Be prepared for Hurricane Sandy with these news updates for the neighborhood.
Although millions watched with trepidation as Hurricane Sandy barreled toward the East Coast—barraged by warnings that it could wreak havoc across the region—many in no immediate danger had a more comforting realization: They had just been granted a nearly guilt-free day off.
The brunt of the storm wasn't expected to strike locally until early Tuesday. But in preparation, regional transportation agencies suspended service Sunday night and school districts canceled classes—triggering sudden recalculations.
Hours before Hurricane Sandy was predicted to hit New York City, stores in the five boroughs were slammed by tidal waves of shoppers scrambling to scoop up any last-minute provisions from the depleted shelves.
At Trader Joe’s in Brooklyn, shoppers ransacked the frozen food section, grabbing bags of Mandarin orange chicken and boxes of cheese enchiladas by the armful.
“I don’t really understand,” said Jo Pate, 34, who has worked at the store since June. “If the power goes out, no one will be able to cook this stuff.”
For the second time in 14 months, Greater New York is looking at a head-on strike by serious tropical weather. But Sandy and Irene don’t appear to be similar storms. The incoming storm is much bigger, stronger and potentially more troubling for coastal communities, including New York City.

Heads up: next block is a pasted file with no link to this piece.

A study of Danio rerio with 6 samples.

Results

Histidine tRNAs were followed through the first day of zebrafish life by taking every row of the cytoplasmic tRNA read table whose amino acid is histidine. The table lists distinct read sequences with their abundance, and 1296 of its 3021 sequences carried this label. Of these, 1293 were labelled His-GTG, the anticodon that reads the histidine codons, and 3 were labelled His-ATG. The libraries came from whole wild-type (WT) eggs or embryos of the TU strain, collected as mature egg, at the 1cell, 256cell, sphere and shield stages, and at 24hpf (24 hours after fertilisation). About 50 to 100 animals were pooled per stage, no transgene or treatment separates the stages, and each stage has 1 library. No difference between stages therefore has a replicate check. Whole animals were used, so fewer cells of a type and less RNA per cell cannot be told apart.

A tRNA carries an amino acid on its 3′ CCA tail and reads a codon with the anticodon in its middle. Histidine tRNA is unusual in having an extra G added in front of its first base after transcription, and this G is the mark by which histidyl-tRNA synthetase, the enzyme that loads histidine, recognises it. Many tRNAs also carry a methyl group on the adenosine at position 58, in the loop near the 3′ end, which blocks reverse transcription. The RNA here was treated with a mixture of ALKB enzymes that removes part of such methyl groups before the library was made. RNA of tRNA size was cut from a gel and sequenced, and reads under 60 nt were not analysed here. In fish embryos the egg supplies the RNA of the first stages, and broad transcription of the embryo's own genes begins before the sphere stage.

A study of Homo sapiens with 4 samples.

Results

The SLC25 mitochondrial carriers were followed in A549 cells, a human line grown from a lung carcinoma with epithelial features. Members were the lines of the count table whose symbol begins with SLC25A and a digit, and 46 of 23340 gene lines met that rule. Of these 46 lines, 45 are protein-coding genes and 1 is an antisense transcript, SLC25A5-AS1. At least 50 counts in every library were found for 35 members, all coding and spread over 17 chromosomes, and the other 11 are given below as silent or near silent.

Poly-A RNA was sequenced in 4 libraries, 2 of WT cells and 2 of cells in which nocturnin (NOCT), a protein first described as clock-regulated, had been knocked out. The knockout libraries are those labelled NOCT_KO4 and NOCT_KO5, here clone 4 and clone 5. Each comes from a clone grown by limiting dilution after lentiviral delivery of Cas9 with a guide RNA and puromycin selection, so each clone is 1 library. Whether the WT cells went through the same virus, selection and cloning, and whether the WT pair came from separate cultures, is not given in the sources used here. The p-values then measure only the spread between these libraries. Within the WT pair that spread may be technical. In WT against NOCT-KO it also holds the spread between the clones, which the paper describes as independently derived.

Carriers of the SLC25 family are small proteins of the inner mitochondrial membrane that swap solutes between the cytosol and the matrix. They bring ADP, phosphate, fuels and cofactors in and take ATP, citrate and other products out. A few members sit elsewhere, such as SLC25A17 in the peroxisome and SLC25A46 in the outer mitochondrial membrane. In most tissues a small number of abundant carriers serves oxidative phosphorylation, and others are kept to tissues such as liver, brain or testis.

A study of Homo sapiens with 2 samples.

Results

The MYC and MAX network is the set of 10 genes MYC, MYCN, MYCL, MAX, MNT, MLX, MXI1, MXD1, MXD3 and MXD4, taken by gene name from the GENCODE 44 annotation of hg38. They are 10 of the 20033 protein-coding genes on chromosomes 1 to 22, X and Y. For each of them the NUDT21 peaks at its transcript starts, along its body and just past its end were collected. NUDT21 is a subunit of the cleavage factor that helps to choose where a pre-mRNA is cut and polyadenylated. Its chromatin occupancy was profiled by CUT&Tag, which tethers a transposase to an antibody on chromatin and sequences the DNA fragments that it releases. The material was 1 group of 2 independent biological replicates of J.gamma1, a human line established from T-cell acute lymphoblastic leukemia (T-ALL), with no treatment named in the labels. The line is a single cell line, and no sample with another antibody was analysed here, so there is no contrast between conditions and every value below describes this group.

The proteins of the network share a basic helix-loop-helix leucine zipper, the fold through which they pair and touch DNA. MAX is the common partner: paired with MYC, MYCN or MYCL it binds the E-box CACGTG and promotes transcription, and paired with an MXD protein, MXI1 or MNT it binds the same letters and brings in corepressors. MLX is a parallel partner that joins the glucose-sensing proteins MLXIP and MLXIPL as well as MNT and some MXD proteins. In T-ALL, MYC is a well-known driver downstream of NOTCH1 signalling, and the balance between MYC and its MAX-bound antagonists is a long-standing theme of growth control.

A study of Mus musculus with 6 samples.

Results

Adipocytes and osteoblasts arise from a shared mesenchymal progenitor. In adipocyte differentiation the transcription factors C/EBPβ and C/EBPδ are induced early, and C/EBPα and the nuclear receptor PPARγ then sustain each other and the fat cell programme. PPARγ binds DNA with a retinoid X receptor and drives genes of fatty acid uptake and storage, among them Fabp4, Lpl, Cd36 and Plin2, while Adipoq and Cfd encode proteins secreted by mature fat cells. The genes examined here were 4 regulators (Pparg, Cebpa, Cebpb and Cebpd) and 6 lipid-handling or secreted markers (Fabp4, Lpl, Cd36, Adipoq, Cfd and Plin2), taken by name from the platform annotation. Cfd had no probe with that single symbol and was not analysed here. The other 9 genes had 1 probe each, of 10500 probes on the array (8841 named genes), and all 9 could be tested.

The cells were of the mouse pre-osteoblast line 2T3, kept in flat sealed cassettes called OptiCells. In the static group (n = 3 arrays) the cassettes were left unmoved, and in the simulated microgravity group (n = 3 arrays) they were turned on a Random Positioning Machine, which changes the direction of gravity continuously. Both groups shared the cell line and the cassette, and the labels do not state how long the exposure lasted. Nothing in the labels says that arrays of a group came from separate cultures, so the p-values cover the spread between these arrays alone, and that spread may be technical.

Hurricane Sandy prompted a series of mandatory evacuation orders along the eastern seaboard Saturday, including New Jersey’s barrier islands, casinos in Atlantic City and New York’s Fire Island. The most severe impact of the storm is expected to occur on Monday evening.
Before you brave the rain, wind and inevitable lines at the already depleted grocery store today in the mid-Atlantic region, take a deep breath.
If you're a moderately good grocery shopper, you probably already have the food you need on hand to make it through the next few days if (when) we lose power due to Hurricane Sandy. (If not, best to find a shelter near you.) But you do need to take extra precautions that what you're preparing is safe.
Hurricane Sandy churned towards a ghostly quiet New York City on Monday morning, bringing 85 mph winds and storm surges that could lash 50 million people along the East Coast.
As of 9:30 a.m., the massive storm was 310 miles south-southeast of the city. Forecasters said the center will be over the mid-Atlantic coast by Monday night.
Public transportation across the city was shut down and the state planned to shut the flood-prone Holland and Brooklyn-Battery tunnels at 2 p.m.